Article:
I'm a longtime Mahlerite too, and I think the situation with Welles' unfinished films is similar to the situation of Mahler's 10th symphony, now available in four different performing editions by four different Mahler enthusiasts. That's why I'd like to see more then one crack taken at completing each of the Welles films (It would be especially disappointing to see Jess Franco's cut of DON QUIXOTE be the last word on the subject).
Anyway, being a lifelong classical music buff is one of the things that attracted me to Orson Welles, probably the most symphonic of all filmmakers. That's also why I appreciate Ken Russell's attempts to tell the stories of famous composers like Mahler, even if his films do go off the deep end at times. It's not a very commercial subject which, I suppose, is why Russell felt he needed to spice things up. Boy did he ever: Glenda Jackson getting gang-groped in the asylum in THE MUSIC LOVERS and MAHLER's 'conversion' scene are two of the most spectacularly tasteless things I've ever seen in a movie.
For some reason, when you mentioned Aldous Huxley as the author of THE DEVILS OF LOUDUN and as one of the screenwriters for JANE EYRE (along with Welles and Houseman) I was reminded first of Huxley's DOORS OF PERCEPTION and then of MORRISON & ORSON WELLES, a wierd but entertaining little piece at the now-pretty-much-defunct Welles ng at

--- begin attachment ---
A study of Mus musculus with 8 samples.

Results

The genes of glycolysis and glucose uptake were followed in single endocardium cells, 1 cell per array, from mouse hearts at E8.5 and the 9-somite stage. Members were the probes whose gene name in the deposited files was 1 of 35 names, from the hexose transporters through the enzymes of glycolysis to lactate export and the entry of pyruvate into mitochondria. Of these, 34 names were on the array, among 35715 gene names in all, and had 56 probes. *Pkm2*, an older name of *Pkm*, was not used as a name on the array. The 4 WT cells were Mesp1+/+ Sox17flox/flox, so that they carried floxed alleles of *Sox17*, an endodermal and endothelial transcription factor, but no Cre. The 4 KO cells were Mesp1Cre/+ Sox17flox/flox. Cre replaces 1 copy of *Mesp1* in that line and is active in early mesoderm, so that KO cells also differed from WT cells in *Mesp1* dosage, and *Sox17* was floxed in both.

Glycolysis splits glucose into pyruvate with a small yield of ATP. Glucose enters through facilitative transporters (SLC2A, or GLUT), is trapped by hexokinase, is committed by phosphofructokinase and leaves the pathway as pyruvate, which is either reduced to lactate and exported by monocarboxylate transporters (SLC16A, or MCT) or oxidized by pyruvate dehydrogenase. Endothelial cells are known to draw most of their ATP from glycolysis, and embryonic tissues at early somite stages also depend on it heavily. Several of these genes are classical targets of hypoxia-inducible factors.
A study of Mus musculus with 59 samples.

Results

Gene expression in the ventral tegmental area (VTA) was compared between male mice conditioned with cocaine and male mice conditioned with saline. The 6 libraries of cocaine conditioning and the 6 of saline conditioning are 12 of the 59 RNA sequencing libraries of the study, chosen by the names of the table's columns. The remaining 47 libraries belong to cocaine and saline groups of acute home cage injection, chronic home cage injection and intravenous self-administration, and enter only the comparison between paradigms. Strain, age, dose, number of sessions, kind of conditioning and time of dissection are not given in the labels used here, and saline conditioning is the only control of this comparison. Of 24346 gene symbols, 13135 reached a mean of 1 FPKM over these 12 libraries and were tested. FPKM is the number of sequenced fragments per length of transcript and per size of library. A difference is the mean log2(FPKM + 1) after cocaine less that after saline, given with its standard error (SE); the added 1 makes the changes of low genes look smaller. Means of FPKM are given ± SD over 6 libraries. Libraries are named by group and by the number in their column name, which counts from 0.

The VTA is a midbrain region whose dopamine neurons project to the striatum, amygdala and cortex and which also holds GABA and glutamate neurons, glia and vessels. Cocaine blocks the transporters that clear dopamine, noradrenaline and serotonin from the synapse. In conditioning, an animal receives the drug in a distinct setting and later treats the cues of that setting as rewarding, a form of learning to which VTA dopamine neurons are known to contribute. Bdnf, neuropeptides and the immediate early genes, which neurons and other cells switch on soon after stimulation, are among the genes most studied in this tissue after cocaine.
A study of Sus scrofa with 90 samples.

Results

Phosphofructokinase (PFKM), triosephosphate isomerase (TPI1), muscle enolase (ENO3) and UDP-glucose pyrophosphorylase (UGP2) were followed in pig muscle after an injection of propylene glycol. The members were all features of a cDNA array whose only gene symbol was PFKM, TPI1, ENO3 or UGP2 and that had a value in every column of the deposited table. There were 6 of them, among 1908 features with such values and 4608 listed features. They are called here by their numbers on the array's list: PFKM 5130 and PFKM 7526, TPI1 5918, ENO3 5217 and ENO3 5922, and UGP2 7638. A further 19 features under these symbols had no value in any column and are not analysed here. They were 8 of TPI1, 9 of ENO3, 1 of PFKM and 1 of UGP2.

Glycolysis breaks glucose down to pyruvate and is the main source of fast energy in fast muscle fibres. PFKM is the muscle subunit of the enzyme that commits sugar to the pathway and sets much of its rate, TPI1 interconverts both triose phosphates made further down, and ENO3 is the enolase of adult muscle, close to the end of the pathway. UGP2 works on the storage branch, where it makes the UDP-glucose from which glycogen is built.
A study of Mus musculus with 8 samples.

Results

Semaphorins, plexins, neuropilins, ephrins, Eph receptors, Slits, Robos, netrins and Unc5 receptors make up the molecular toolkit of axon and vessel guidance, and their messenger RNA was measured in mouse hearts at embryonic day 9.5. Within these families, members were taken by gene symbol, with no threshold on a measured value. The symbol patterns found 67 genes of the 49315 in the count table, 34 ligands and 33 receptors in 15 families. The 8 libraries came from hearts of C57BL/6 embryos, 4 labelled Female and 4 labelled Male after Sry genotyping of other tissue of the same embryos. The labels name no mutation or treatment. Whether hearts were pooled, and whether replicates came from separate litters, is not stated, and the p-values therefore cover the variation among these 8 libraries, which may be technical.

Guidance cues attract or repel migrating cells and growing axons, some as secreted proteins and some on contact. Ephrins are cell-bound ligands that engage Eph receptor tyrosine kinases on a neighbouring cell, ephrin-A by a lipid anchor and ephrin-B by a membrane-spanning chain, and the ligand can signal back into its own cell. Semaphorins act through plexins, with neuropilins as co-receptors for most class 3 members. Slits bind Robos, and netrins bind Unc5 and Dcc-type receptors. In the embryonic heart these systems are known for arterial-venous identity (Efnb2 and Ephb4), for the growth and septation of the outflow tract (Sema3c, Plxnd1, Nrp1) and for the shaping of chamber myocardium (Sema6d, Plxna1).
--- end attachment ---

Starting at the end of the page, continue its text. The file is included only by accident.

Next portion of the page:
Jim Morrison, of course, took his band's name from Huxley's book and was reportedly an admirer of Welles too. The character of John Dale in THE OTHER SIDE OF THE WIND certainly bears a strong resemblance to Jim Morrison, and it would be interesting if the two ever really had met.
Welles also said that he and Huxley were chums, and spent many hours debating the pros and cons of using hallucinogenic drugs to explore the mind (which makes me wonder if Welles ever saw Russell's ALTERED STATES, in which William Hurt makes his first appearance with The Doors' LIGHT MY FIRE on the soundtrack). In CITIZEN WELLES, Frank Brady strongly suggests that Huxley's roman-a-clef novel about Hearst, AFTER MANY A SUMMER DIES THE SWAN, was one of the inspirations for CITIZEN KANE, so that may have been the source of their friendship.
The only Huxley novel I've ever read is BRAVE NEW WORLD, but I'd like to eventually get to both "Swan" and "Devils". It's also been a long time since I've seen Russell's film of THE DEVILS, and I'm looking forward to seeing the complete version although yes, it's pretty gruesome stuff.
Russell's project about Nicholas Tesla also sounds interesting. The earlier Tesla film with Welles also stars Oja Kodar as the love interest, wearing a brown wig that makes her look like Kathy Lee Gifford (Remember her? She used to be a star). Welles, as J.P. Morgan, sounds like he's reading cue cards, and does half of his part while lying in bed. Maybe that was one of his contract stipulations.